Teleporting Human Experience Into Automated Operations
EP Editorial Staff | June 20, 2018
Bringing videoconferencing into the human dimension improves productivity and collaboration.
When most people think of robotics in manufacturing, they envision robotic arms, precisely, endlessly, and repeatedly placing parts with zero fatigue and only minimal downtime. Robots remove the possibility of human variability, and provide a sense of futuristic efficiency and what can feel like an almost sterile lack of human presence. In some cases, however, that missing human presence can be problematic.
Consider the fact that innovation and creativity are inherent in being human and interacting, not just with other human beings, but also with technologies and improvements. Streamlining, troubleshooting, and brainstorming, for example, are all necessarily human activities. That said, what if the best of robotics could be combined with true human interaction? What if real human beings, along with their intelligence, creativity, and insight, could be brought to where they are needed in manufacturing operations? Marcio Macedo, vice president and co-founder of Ava Robotics, Cambridge, MA (avarobotics.com), suggests that’s where autonomous video-collaboration robots can help.
Macedo points to his company’s video-collaboration robot as a technology that offers the freedom of practical teleportation for human workforces. Combining cutting-edge robotic technology with the benefits of human presence, Ava robots are the size of a small adult. Their mobility means they can navigate through space autonomously, and their two-way video and audio capabilities create face-to-face interactive experiences that naturally move between the conference room and the production floor. The company’s journey in bringing its robots to market is a case in point.
To build and test its robots, Ava chose to work with employee-owned contract manufacturer Cirtronics, Milford, NH, (cirtronics.com). Using a process called “co-building,” engineers from both teams came together to create, identify, and deploy best practices. To verify design and production success, they also worked together to create complex test tracks that mimicked real-world applications inside the Cirtronics manufacturing facility, including obstacles and changes in floor texture. This early collaboration resulted in more efficient manufacturing, testing, and iterative updates as the design evolved.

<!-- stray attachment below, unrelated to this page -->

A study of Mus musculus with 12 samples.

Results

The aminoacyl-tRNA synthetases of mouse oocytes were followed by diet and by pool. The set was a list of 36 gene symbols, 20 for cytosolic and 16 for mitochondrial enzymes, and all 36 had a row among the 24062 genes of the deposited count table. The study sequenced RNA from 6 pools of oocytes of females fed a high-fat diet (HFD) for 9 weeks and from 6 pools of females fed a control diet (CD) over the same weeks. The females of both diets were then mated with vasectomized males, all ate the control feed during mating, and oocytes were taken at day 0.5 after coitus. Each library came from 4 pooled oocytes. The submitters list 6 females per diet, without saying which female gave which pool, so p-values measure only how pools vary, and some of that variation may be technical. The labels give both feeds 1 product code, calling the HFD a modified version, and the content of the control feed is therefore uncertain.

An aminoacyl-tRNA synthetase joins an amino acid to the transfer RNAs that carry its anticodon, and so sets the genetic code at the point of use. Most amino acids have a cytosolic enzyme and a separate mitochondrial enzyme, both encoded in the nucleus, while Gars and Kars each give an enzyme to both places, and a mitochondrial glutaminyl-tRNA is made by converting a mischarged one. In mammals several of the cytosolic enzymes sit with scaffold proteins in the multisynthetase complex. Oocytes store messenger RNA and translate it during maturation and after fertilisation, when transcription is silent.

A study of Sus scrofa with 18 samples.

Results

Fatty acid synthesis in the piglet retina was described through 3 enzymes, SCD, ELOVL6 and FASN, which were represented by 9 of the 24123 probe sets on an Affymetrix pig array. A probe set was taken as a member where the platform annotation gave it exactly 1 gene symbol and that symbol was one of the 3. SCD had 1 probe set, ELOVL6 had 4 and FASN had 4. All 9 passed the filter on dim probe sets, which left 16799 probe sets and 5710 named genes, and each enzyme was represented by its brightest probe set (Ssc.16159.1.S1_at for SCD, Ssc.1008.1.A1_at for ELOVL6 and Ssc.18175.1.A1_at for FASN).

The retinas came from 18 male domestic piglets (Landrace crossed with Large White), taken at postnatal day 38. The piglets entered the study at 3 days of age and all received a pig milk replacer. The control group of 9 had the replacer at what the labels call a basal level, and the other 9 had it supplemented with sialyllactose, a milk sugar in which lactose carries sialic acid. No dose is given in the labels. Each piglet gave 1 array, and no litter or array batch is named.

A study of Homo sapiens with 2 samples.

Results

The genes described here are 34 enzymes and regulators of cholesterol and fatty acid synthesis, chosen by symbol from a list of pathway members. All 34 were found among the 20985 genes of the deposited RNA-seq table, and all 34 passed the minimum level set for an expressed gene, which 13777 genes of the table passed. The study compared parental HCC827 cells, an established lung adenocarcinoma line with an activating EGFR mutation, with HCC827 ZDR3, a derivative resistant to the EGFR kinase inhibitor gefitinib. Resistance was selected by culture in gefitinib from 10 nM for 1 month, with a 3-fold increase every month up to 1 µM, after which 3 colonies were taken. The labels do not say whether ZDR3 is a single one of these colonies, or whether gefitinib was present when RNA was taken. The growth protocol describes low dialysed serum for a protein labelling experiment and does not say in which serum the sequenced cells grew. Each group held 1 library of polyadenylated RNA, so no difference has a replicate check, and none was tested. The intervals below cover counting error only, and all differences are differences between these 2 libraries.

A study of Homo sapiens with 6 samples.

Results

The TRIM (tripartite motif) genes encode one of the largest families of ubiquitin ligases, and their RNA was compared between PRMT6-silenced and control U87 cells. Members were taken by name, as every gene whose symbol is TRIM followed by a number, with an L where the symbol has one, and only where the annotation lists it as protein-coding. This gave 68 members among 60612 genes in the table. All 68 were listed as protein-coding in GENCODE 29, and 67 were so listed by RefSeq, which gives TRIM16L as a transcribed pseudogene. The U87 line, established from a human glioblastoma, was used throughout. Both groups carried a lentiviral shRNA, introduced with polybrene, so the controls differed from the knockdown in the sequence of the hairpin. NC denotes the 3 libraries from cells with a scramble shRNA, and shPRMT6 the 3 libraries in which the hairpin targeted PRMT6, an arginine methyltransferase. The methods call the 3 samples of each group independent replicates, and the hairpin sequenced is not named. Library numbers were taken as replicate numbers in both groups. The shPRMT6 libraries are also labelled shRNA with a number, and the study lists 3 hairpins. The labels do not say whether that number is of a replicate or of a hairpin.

Dennis Forward, senior engineer at Ava Robotics, recalled the use of his company’s robots in the early stages of production at Cirtronics. “During our co-build period,” he said, “we had Avas at Cirtronics and at our office in Cambridge. If Cirtronics’ manufacturing team had questions, we teleported our engineers into our robot at the factory and then autonomously traveled to our build-location on the manufacturing floor. Doing so, we could immediately talk with the assemblers and engineers, and view the exact parts and assemblies that were being discussed. This was so much more efficient than talking on the phone or sending pictures back and forth.”
INTO THE BEYOND
It’s not difficult to see the potential Ava’s robots have to change fast-paced engineering and manufacturing environments. Imagine an engineer who needs to collaborate with a production team, a mentor who wants to check on a new employee, a technician who needs to address a production-line problem, or a customer wanting to visit the manufacturing plant. It would be ideal to have a person moving freely around the manufacturing floor and interacting directly with the people that are involved, but is not always possible or practical. EP
Enabling Dynamic Personal Presence for Remote Workers
Ava Video Collaboration (avarobotics.com) facilitates natural communication by offering freedom of movement and two-way video and audio capabilities. According to the company, users can immediately establish a secure connection and, unlike standard video conferencing, experience ‘being’ anywhere in the world. Features and applications include:
• The video-conferencing capability incorporates a combination of high-definition video and audio, end-to-end security for the enterprise, and integrated Cisco WebEx video applications.
• Users can look around, move, and “sit” or “stand,” even in remote locations.
• The robots map the environment and use AI (artificial intelligence) to safely navigate. There is no need for the user to drive the robot or to understand the remote location’s layout. When users are done teleporting, Ava returns to its charging station.
• Perform scheduling and control with the Ava Robotics App (Apple iOS and web browsers).
Based in Cambridge, MA, Ava Robotics is expanding human potential by combining autonomous robotic mobility with high-definition video conferencing. Leveraging technical heritage from iRobot, the company’s engineers are developing products that enable workers to interact and collaborate, while easily and safely moving through remote locations as if they are physically present in the space. Learn more at avarobotics.com.
Cirtronics, Milford, NH, is a contract manufacturer for high-tech companies in the greater Boston area. The ITAR, FDA-registered, woman-owned, small business tailors its services to fit the needs of each customer. Learn more at cirtronics.com.